Bow Dough

Maintaining a bow hold that is flexible yet firm can be quite the trick for a young musician!

Teachers often refer to a ‘play-dough’ hand when they work with little children’s bow holds. “Can you make your hand soft like play-dough while you hold your bow?” Referencing a squishy, familiar substance helps little ones to loosen up their bow holds.

We recently made our own squishy dough, and decided to call it “Bow Dough.”

Bow Dough helps remind students to have soft, flexible bow holds.

During our practice sessions, I can pull out the Bow Dough and let my kids knead or play with it for a moment if they are getting tense. I also use Bow Dough to demonstrate what their thumb palm muscle should feel like. If the thumb palm muscle is hard like a rock, I remind them that it should feel soft like Bow Dough.

If the thumb palm muscle feels hard, the bow hold is too tight.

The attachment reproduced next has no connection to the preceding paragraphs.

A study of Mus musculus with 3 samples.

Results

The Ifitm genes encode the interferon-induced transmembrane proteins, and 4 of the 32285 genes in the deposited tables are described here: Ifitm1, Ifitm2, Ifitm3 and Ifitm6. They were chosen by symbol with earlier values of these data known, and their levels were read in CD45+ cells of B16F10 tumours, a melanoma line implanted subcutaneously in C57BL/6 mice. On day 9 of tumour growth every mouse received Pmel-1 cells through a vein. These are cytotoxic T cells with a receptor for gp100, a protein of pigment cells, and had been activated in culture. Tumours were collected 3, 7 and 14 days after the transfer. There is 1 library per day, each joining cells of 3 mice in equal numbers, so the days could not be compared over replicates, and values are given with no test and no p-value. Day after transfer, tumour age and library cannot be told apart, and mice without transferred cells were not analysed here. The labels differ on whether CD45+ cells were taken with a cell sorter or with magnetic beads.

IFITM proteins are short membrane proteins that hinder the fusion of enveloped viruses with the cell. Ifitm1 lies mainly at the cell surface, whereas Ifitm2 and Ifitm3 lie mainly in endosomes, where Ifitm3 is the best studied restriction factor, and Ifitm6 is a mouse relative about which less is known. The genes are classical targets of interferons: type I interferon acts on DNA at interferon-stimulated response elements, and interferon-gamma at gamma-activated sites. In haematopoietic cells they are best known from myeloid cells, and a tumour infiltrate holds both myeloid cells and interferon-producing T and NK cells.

Here’s how to make Bow Dough:

1 – Dump equal parts hair conditioner and corn starch (I started with 1/4 cup of each) in a bowl. The hair conditioner that we used smells SOOOO good, my kids kept smelling it!

Only two ingredients: Hair conditioner and Corn starch.

2 – Mix with a spoon or spatula.

3 – Adjust. If the Bow Dough is too crumbly (dry), add some more hair conditioner. If it looks too much like frosting (wet), add some more corn starch.

Add a bit of either ingredient, according to a wet/dry consistency.

4 – Knead until it forms a flexible ball.

5 – Add food coloring by forming a nest, dropping two or three drops in, and then kneading further.

Create a nest shape.
Add 2-3 drops food coloring.
Fold and knead.

Store Bow Dough in a plastic bag in your child’s instrument case. Bow Dough can double as a stress relief ball before a lesson or performance too!

Bow Dough is fun to make after a Suzuki group lesson.